Camping vacations can be such of the most rewarding vacations for family travel, and, of course, for many pet parents, “family” also includes pets. If you choose to take your dog or cat along on a camping trip, you’ll want to prepare early and make particular adjustments for traveling with an animal.
How to Prepare Your Dog For Camping
- Ensure that your pet is up to date on all vaccinations and medications prior to starting off on your trip. You could easily met up with unvaccinated animals on your vacation and you wouldn’t want your dog or cat to develop a disease.
- Prepare your dog for long walks and hikes while in the wilderness by beginning an exercise program long before you leave home. Walking every day, and gradually increasing times and distances will build your animal’s stamina and endurance without overexerting him. Start with just 5 to 10 minute increments walking at a slow pace, and then gradually pick up speed and distance over a period of one to two months. Not only will your pooch get in shape…so will you!
- If your pet has never traveled by car previously, he or she will need to become acclimated to riding. While some animals take to jumping up in the vehicle right away, others may need to just sit in the car for a few minutes until they feel comfortable.
- You’ll want to take along enough food and treats to last for your pet’s entire stay. Adding something new to your companion’s diet can cause stomach upset and diarrhea…nothing you want on a camping trip.
- Carry at least one gallon of cold water per pet per day while traveling. It can get hot in a vehicle when traveling over long distances and your pet will need cool water to rehydrate while on the road and on rest periods. Remember to schedule potty breaks for both humans and animals every few hours.
- Bring along your pet First Aid kit in case of emergencies. Your campsite may not be close to a veterinary clinic or emergency hospital. Having first aid supplies close at hand could possibly save your pet’s health or life.
- Bring along your pet’s crate for traveling and for use as a “quiet space” when camping. Most animals will require time to get away by themselves and relax on their own to feel really safe and secure out in the wilderness. Pack the crate with your pet’s bedding, food and water dishes, and – for cats – a small litter box.
- Always have your pet’s leash, collar/harness, and ID tags while traveling. If your animal should get loose either at a rest stop on at the campsite, you’ll want to have some way to identify him when found. You can also request your vet insert a microchip before travel as a means of identification in case of a lost pet.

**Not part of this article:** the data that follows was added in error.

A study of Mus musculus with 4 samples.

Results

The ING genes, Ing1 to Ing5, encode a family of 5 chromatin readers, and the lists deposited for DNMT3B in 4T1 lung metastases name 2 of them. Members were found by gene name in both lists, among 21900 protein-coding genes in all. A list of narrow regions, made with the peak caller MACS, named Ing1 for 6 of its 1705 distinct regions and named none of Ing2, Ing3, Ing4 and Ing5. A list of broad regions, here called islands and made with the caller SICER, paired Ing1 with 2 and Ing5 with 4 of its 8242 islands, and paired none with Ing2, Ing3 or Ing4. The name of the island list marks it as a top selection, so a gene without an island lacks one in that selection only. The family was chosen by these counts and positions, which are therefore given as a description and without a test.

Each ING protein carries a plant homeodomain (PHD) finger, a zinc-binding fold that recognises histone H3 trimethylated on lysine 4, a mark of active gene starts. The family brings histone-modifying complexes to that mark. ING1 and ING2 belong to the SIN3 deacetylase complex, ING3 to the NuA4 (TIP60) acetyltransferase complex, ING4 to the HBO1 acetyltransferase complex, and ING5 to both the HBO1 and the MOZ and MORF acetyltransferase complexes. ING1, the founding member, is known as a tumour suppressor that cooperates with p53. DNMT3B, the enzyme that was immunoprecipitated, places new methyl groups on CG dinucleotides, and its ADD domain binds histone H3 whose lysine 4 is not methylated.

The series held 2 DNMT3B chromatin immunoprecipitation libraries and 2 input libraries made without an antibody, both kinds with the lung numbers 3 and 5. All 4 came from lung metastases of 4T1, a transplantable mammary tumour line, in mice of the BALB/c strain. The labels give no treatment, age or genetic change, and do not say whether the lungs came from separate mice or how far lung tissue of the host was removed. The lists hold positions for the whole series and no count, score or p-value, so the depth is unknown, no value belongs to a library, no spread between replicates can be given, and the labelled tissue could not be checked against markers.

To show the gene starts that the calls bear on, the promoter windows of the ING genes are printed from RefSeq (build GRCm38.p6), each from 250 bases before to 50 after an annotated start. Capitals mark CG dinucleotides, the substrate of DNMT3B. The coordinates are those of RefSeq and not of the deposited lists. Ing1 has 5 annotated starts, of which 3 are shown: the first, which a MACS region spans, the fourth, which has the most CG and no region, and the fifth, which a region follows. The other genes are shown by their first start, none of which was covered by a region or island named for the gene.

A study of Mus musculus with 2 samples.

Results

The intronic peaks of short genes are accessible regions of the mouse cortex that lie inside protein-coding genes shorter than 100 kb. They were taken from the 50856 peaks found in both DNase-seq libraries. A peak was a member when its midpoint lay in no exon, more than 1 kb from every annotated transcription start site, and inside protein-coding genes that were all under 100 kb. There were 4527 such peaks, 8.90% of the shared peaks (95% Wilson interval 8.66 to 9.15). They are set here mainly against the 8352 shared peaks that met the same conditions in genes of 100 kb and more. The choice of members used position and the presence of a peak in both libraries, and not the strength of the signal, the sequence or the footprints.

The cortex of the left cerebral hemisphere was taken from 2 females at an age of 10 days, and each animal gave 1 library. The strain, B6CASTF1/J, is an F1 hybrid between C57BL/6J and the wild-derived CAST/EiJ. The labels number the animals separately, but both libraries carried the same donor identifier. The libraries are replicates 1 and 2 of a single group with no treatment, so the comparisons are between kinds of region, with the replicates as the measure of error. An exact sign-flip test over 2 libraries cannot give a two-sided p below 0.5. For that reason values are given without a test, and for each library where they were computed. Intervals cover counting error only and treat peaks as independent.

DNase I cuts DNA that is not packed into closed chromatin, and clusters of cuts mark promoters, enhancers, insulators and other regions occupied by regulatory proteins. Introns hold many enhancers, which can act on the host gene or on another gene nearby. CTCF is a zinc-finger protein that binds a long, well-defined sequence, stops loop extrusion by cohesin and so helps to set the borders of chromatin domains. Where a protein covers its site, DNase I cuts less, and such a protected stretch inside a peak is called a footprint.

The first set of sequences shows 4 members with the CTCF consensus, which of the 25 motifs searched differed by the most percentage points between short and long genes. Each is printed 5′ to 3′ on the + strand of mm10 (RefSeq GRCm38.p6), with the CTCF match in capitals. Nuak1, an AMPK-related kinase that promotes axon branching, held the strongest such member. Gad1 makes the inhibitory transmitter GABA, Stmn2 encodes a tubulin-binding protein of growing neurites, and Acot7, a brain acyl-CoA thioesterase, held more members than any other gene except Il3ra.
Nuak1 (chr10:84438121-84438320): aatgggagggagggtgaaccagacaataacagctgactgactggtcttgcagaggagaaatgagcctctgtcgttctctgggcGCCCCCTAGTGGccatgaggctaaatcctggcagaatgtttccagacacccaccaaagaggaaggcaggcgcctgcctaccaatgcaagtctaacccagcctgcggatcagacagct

Precautions on The Trail
- When walking around your campsite or along the trail, always make sure your pet is wearing his or her collar/harness, ID tags, and leash. It is far too easy for some dogs to take off running after a stray rabbit or squirrel and become injured or lost.
- Just because your pet is dog-friendly doesn’t mean other dogs along the trails or at the campsite feel the same. Keep your animal close by you at all times and don’t allow them to interact with other pets unless you can be sure the strangers are docile and willing to play.
- Wild animals can be a danger to your pet. Coyotes, wolves, bears and other prey-driven wildlife may see your dog or cat as food. In addition, should your dog attack a wild animal, he or she can be severely injured and possibly contract diseases such as distemper and rabies. Keep your pets close by your side at all times.
- Many plants, such as poison ivy, poison oak, and skunk cabbage grow wild in the forests and can be toxic – and possibly lethal – to your pets. Don’t allow your animals to wander around unattended and never allow them to eat something off the ground or trees.
- Heat can be deadly in the summer months. Make sure your pet stays cool and well-hydrated on long hikes by bringing along enough cool water for both of you. Keep a bowl of free-choice water handy at the campsite and, on particularly hot days, allow your pet to stay inside your motorhome or tent. Remember, sand and rocks can become just as heated in the sun as asphalt and concrete.
Special Considerations for Cats
If you choose to take your cat along on your camping trip, special considerations may be in order.
- Just like your dog, your cat needs all her vaccinations, medications and health certificate before you leave home.
- Most cats feel more comfortable traveling in a crate than roaming freely in a car. For your pet’s safety – and your own – kennel your cat when you travel.
- In addition to your cat’s food and water, don’t forget to bring a litter box and enough kitty litter to last for the duration of your trip.
- Keep a harness and leash on your cat when traveling and at your campsite for all the reasons your dog would wear such a device. If your cat refuses to wear a harness or a leash – and many won’t – then it might be best to leave her at home during your vacation and hire a pet sitter.